Do You READ Enough?

This post is written by member Susan Wagner. 

I remember books, those stacks of printed paper held in place with a decorative cover. I remember hearing the crack of the spine as I opened a new novel, sinking my nose in between the pages to relish that “new book” scent. My bookcases are stacked with these friends, old and new. I even tote hundreds of them around on my smartphone. I’m ashamed to admit it has been a while since I’ve read any of them.

English professionals advocate reading literature, but according to a Pew report, more than one-quarter of Americans have not read a book in the last year. Could you be one of them?

Here are seven motivational tips and links to help you venture into the land of FLOW and give your brain the reenergizing it needs.

  1. Make a reading appointment. Carve out a specific time during your day to read. Don’t feel defeated if changing up your routine feels like climbing Mt. Everest. One time of the day that is beneficial for reading is just before bed. Reading at night is purported to help you sleep better. However, using technology can be problematic and hinder your brain’s production of melatonin. Keep the bright light out of your eyes and swap the phone for a book and a book light.
  2. Create your own reading zone. So you have found some time and are ready to make that commitment. An inviting chair along with a side table for your latte, a comfy throw for cool nights, and a bookshelf to hold your literary quests will make it easier to escape your hectic routine for the time travel and adventure in the Outlander.
  3. Can’t decide on what to read? Try some Retail Therapy. Visit the public library and local bookstores to peruse their displays. Creative displays and enticing covers may inspire you to select the “just right” book for your return journey into reading. Creative designer Derek Murphy blogs about publishing and writes about the influence of book cover designs.
  4. Subscribe to Bookbub for daily e-book recommendations. It’s a great way to delve into the guilty pleasures of reading a murder mystery or high fantasy on the weekends. With one click you can download your e-book and commence reading.
  5. Goal oriented? Get motivated with the same methods you use to motivate your students. Many public libraries provide reading programs and incentive items like the Reading Bingo Card produced by the San Rafael [California] Public Library. Gain knowledge and wisdom and explore a genre you’ve never read before.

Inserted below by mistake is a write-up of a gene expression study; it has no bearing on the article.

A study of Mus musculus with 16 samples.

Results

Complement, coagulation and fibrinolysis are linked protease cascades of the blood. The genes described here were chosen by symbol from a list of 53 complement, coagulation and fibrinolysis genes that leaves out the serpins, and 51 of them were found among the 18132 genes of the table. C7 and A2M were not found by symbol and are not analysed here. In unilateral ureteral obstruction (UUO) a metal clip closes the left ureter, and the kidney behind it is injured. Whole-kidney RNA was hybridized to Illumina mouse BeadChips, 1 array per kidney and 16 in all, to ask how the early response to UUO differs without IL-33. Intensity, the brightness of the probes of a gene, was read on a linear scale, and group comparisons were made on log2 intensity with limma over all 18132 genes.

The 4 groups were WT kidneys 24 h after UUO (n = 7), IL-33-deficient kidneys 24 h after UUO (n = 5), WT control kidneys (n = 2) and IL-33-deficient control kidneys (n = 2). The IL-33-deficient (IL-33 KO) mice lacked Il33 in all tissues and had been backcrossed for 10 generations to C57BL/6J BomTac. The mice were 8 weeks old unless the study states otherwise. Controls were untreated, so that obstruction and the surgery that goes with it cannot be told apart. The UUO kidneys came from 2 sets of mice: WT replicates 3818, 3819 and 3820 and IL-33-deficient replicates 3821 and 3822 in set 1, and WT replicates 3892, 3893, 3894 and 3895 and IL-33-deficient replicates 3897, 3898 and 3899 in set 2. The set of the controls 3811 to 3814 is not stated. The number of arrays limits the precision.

6. Phone your friends. With all your newfound book savvy, why go it alone? Start a book club with your colleagues, neighbors, or family members. Oprah’s televised book club inspired millions. Inspire other teachers and be a model for students. Take a page from Oprah and see the best books from Oprah’s book club.
  7. Return to the familiar. What better time to reread a favorite novel from years past? Rereading a book is not like watching a TV rerun, where the scenes are the same. Each time you reread a novel, you are reinterpreting that story through the lenses of your many experiences since your first read. Pull out that old copy of Catcher in the Rye and see what Holden Caulfield is up to these days.

If you are absolutely stretched for time, fall asleep as soon as your head hits the pillow, and all the comfy chairs in your home have been hijacked by your pets, you have another option: get your daily read on by reading to your students.

The New York Times put together a list of recommendations for read-alouds. Commit to reading aloud to your students each day. No matter their ages or your place in the pacing guide, reserving time each day to share a phenomenal book will not only inspire your students, but you will reap the benefits as well.

Susan R. Wagner obtained her PhD in reading from the University of Tennessee. She is assistant professor of education and teaches literacy and instructional methods courses in the Carter and Moyers School of Education for Lincoln Memorial University.


Lu Ann Maciulla McNabb is the Policy & Alliances Associate for the National Council of Teachers of English (NCTE). Lu Ann has long been an advocate for teachers, students and education. As Thomas Jefferson so eloquently said, "Education is the anvil upon which democracy is forged."